My research involves using acoustics to monitor the inhaler use of people with respiratory diseases such as asthma and COPD (Chronic Obstructive Pulmonary Disease). Many people have problems using their inhaler devices correctly and as a result their symptoms do not improve.
With the help of a discrete microphone that can be attached to an inhaler, I record people using their inhalers on a day-to-day basis. Using advanced signal processing methods I am then able to analyse the audio signals of inhaler use and provide feedback on inhaler technique and medication adherence to clinicians and patients. With correct feedback patients can improve their health and overall quality of life.
What brought you to research?
My motivation for research in the area of Bioengineering stems from a fascination in the medical devices which keep people alive. Inhalers are a type of medical device that deliver medication to the lungs and help people breathe effortlessly. As an asthma sufferer myself I know the challenges associated with this common respiratory disease and in using inhalers correctly.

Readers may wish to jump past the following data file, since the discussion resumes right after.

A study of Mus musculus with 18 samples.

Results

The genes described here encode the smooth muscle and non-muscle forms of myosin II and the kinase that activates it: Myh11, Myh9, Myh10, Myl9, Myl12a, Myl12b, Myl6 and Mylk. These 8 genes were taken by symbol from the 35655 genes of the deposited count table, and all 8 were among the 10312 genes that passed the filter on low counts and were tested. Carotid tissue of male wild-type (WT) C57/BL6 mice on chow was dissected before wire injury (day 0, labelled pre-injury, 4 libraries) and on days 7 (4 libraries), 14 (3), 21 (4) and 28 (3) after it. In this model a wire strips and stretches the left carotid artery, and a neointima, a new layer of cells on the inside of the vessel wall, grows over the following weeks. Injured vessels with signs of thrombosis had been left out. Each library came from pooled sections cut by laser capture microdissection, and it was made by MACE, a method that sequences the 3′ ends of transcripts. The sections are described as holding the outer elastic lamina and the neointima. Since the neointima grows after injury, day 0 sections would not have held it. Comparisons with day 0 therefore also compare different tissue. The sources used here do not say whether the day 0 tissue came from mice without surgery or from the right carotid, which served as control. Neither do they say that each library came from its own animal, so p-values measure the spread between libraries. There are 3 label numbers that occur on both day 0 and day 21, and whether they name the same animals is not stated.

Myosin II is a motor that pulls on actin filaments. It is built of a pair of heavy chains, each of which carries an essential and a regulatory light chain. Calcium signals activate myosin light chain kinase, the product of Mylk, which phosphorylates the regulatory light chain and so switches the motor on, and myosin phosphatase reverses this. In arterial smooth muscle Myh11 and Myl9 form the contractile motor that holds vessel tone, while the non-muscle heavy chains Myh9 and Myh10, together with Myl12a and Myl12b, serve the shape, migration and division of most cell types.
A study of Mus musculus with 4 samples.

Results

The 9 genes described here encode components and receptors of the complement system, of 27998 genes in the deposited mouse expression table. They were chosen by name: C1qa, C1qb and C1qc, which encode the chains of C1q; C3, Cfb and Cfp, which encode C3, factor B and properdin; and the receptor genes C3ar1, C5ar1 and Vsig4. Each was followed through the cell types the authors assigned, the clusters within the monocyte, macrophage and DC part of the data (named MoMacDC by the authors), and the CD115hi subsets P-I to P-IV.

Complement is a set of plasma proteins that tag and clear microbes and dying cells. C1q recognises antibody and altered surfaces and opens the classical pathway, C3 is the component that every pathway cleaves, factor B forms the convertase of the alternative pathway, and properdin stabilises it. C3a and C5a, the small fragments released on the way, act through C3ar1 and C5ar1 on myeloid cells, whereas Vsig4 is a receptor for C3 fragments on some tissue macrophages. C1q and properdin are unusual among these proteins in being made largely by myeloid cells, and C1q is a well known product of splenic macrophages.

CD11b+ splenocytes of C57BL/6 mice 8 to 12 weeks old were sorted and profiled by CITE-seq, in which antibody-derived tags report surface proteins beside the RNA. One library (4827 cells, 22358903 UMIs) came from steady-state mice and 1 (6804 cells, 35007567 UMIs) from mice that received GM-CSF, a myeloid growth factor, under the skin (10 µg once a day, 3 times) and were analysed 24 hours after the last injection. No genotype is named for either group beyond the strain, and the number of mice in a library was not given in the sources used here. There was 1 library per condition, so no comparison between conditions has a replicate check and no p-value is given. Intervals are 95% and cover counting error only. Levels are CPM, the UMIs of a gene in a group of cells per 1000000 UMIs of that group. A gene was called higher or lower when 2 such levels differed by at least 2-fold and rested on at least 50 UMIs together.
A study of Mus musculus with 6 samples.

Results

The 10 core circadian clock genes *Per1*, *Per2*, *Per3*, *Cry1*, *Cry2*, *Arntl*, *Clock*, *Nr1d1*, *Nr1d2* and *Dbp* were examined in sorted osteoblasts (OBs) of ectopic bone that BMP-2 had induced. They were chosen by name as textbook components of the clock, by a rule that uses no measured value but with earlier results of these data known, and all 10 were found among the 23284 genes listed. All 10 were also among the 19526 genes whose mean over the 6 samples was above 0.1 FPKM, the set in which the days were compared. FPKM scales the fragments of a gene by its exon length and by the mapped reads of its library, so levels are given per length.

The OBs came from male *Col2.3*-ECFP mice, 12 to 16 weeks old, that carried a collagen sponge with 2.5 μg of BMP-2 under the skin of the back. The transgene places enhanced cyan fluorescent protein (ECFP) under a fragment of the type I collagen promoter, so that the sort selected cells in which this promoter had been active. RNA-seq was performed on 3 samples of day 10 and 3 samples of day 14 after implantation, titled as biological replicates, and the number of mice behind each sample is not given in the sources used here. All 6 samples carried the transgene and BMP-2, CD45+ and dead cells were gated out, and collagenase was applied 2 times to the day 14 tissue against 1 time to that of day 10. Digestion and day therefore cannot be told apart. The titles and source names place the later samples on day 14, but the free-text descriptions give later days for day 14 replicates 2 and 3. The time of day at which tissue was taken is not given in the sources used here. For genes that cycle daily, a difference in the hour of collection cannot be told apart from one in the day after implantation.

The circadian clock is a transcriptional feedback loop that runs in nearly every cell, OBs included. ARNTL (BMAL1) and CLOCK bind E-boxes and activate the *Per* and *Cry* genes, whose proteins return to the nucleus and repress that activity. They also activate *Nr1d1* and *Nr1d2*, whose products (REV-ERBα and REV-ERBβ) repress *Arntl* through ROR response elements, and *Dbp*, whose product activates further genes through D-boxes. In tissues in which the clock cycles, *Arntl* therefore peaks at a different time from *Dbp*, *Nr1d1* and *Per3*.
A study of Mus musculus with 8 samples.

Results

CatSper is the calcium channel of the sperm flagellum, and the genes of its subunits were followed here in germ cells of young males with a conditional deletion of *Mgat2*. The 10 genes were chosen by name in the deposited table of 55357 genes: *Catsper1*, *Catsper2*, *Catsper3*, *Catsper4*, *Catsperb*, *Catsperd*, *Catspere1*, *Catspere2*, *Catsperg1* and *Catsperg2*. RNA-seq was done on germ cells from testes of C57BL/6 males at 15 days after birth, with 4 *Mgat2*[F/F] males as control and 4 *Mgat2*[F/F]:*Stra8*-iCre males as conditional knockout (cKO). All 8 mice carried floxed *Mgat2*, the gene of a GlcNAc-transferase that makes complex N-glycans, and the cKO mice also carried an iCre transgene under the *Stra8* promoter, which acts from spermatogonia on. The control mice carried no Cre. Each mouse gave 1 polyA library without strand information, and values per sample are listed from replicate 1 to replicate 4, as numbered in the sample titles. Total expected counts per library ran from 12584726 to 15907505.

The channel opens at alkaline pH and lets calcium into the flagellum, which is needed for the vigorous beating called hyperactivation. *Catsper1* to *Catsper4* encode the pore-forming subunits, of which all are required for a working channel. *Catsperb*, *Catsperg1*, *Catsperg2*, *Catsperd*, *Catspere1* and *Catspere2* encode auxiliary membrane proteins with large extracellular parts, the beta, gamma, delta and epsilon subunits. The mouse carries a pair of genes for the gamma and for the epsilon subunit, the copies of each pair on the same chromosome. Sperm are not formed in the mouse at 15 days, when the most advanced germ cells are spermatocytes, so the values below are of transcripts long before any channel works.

My overall ambition is to help people with respiratory diseases improve their inhaler technique and to help them get better.
I studied Biomedical Engineering in the University of Limerick and graduated in 2011 with an honours degree. During my undergraduate studies I was lucky to get the opportunity to work for medical devices company Boston Scientific for a period of 8 months. It was here I had the opportunity to see at first hand the innovation and research that goes into designing and developing cutting edge medical devices.
Outside of research, I have a huge interest in sports such as athletics, hurling and rugby.